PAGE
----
Physicist Marija Vucelja receives NSF CAREER Award

Marija Vucelja at the corner of Kelvin Drive and Hadron Road.

Tuesday, January 28, 2020

Assistant Professor of Physics Marija Vucelja has been awarded a prestigious NSF CAREER Award for her proposal Anomalous Thermal Relaxations of Physical Systems.

The NSF CAREER Program is a “Foundation-wide activity that offers the National Science Foundation's most prestigious awards in support of early-career faculty who have the potential to serve as academic role models in research and education and to lead advances in the mission of their department or organization. Activities pursued by early-career faculty should build a firm foundation for a lifetime of leadership in integrating education and research.”

Professor Vucelja is a statistical physicist interested in biophysics, soft condensed matter, computational physics, and turbulence. She studies out of equilibrium dynamics of soft condensed matter systems, population genetics, and evolutionary dynamics. Marija has created a word cloud of her research, which appears at the end of this article.

We had an opportunity to ask Marija a few questions about her NSF CAREER Award and the project it supports.

Can you briefly describe what your project, Anomalous Thermal Relaxations of Physical Systems, is about?

The project is about unusual relaxation phenomena. A prime example of such is the so-called Mpemba effect — the effect where a hot system cools down faster than an identical cold system when both are coupled to an even colder environment. Such a “shortcut” in thermal relaxation was first observed for water. By now, we know that the Mpemba effect is a general phenomenon present in magnetic systems, driven granular gasses, spin glasses, several liquids, and polymers. Cooling and heating occur by an energy flow between the system and its environment. Such an energy flow generically drives the system away from its equilibrium. Far out of thermal equilibrium is where most of the processes in biology, chemical reactions, and phenomena in the world around us typically reside. Our intuition and knowledge describe very well static properties of systems in equilibrium, yet considerably less is known about the out of equilibrium dynamics. Building on some of the modern non-equilibrium statistical physics, such as the stochastic thermodynamics, I will develop a general theoretical framework to describe the Mpemba effect alike, seemingly counter-intuitive relaxations to thermal equilibrium.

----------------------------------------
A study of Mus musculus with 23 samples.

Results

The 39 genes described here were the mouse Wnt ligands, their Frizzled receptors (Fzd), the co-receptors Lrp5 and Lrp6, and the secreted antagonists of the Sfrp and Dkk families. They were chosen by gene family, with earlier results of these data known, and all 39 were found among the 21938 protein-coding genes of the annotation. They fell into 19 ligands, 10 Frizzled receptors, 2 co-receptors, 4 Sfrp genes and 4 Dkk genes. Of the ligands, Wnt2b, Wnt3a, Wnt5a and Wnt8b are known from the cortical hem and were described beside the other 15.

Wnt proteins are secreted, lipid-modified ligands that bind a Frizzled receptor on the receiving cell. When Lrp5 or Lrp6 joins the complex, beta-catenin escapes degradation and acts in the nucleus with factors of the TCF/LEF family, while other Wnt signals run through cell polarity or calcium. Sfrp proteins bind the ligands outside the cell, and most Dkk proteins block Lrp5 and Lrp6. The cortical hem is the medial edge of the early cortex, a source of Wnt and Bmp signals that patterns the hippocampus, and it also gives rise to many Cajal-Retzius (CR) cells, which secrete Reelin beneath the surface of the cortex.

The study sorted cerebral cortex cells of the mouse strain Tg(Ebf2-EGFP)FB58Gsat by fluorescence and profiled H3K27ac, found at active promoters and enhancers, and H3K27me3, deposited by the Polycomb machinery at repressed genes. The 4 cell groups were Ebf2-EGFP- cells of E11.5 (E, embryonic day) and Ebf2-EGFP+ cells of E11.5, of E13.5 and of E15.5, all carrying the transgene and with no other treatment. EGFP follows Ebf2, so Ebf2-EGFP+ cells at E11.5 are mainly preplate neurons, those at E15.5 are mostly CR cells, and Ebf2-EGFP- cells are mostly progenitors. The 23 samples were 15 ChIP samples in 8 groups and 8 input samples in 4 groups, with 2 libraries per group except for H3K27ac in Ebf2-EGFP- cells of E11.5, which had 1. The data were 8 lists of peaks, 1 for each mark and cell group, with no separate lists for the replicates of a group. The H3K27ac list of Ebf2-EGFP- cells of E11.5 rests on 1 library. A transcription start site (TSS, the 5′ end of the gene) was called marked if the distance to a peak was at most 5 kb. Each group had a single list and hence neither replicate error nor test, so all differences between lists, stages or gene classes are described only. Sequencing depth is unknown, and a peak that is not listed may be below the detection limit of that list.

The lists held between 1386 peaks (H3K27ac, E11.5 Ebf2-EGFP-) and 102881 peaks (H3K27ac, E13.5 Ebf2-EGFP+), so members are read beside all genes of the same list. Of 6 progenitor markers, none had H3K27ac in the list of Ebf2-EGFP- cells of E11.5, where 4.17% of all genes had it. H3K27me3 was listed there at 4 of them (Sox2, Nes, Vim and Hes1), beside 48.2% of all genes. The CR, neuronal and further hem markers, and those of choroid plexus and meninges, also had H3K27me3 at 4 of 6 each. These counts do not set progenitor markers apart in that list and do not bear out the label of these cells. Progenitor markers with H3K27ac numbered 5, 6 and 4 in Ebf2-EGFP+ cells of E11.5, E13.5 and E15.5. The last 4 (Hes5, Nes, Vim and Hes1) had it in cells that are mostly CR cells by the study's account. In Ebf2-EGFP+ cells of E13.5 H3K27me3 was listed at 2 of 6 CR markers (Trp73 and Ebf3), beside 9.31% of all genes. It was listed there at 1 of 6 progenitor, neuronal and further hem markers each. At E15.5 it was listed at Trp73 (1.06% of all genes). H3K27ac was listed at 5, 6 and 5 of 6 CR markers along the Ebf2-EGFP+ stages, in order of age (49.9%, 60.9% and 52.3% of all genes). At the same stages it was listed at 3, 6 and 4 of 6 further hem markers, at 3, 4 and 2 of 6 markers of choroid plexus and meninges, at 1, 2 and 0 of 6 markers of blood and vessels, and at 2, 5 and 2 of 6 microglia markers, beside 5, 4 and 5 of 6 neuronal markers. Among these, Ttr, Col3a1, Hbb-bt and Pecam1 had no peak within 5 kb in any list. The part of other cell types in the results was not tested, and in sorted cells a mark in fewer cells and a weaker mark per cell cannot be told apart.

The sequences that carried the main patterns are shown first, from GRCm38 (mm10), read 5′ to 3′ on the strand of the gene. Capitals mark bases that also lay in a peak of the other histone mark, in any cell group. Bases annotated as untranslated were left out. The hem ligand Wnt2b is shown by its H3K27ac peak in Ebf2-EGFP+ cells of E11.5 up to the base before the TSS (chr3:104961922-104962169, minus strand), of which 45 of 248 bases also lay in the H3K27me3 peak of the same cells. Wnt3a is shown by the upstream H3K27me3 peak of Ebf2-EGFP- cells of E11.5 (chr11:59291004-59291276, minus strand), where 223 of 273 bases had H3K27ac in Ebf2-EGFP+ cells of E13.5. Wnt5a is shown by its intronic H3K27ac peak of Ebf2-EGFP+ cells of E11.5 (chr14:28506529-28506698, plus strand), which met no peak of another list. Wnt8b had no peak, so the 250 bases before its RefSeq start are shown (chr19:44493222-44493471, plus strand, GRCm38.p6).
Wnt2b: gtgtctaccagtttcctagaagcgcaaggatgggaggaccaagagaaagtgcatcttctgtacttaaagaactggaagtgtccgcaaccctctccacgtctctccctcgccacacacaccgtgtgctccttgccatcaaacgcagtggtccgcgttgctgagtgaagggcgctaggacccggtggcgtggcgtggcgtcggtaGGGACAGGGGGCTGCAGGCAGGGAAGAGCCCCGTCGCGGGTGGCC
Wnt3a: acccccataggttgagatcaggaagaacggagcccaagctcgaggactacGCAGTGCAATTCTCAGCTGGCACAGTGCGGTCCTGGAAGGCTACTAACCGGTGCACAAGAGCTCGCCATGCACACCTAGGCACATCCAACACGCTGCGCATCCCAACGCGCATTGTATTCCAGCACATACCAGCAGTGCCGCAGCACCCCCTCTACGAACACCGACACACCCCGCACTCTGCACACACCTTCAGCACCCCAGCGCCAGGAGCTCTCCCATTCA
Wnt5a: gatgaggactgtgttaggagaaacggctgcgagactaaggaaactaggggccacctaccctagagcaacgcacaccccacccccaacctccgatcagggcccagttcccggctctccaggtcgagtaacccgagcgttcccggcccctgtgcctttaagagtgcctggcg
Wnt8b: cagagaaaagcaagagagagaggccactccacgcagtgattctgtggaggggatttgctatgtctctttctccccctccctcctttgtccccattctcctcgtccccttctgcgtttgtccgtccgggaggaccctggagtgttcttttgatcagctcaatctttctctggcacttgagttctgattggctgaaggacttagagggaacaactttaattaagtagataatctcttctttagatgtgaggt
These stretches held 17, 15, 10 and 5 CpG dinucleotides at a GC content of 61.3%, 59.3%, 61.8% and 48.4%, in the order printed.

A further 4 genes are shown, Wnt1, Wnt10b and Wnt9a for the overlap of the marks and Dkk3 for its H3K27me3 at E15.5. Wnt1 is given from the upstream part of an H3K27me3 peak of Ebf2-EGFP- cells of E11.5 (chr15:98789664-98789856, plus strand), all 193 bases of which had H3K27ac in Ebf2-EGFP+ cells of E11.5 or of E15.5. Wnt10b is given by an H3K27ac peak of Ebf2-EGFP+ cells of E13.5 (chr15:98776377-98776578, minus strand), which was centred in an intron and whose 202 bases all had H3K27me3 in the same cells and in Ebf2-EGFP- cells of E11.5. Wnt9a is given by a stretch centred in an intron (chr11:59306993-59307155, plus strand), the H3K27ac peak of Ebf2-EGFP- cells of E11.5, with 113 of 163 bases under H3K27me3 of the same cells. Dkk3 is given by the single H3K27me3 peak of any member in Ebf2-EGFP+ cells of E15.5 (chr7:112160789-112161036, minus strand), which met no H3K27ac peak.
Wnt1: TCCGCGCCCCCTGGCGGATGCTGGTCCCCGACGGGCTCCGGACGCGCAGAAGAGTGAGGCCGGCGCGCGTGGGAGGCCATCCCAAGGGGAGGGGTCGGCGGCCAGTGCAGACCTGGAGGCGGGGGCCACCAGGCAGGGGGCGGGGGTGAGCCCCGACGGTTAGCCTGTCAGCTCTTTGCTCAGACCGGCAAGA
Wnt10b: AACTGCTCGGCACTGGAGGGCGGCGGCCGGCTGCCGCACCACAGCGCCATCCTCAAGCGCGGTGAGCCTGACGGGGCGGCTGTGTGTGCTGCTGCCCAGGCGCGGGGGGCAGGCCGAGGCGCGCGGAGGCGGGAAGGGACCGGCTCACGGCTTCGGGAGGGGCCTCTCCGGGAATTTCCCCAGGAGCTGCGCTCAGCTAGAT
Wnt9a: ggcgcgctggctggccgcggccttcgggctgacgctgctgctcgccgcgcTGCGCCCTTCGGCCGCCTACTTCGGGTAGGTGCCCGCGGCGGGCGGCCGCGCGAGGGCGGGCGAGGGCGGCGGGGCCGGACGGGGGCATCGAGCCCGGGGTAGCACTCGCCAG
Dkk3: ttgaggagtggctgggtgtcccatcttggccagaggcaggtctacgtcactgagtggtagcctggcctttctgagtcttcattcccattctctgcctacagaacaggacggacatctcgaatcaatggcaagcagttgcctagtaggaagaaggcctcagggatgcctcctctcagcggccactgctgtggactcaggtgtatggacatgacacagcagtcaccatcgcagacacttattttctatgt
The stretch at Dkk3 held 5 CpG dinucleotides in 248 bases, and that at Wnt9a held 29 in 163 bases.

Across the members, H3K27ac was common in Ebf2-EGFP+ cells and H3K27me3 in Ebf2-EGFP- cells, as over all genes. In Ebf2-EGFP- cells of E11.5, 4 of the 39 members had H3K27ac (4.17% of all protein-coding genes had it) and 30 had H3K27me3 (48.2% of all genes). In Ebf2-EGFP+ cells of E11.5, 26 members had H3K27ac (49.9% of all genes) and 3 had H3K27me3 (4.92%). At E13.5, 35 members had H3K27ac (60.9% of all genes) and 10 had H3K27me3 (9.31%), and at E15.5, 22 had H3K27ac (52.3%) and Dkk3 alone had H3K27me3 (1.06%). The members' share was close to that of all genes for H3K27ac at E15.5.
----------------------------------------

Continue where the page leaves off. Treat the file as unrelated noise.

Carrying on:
Applications of this work will lead to advances in optimal heating and cooling protocols. Such can be useful in material design and metallurgy, preparation of a physical state before an experiment, optimization, protein folding, and numerical algorithms such as simulated annealing and Markov chain Monte Carlo.

The NSF CAREER Award places an emphasis on the integration of research and education. Can you say a few words for how you will achieve that integration in this project?

I plan to bring forward a "quiz the scientist" series for middle school and high school students. The series will enable the students to ask informal questions to scientists. I want to organize the program with help from several schools in the area and the Boys & Girls Clubs of Central Virginia. I hope that having the opportunity to meet and ask simple questions to scientists, the students' curiosity with spark, and their views will broaden. We all remember inspirational teachers and lecturers from our youth that later on influenced our career choices. My goal is to bridge the gap between the impenetrable jargon that sciences use and bring it closer to our youth while retaining most of its essence. The potential impact of such a series is improving the scientific literacy of our youth and STEM retention.

Is there anything else you’d like to mention with regard to your work, this project, or the NSF CAREER Awards program?

I am immensely grateful for the encouragement, support and advice that I received while writing grant applications, from my inspiring colleagues at the Physics Department and broader at UVA.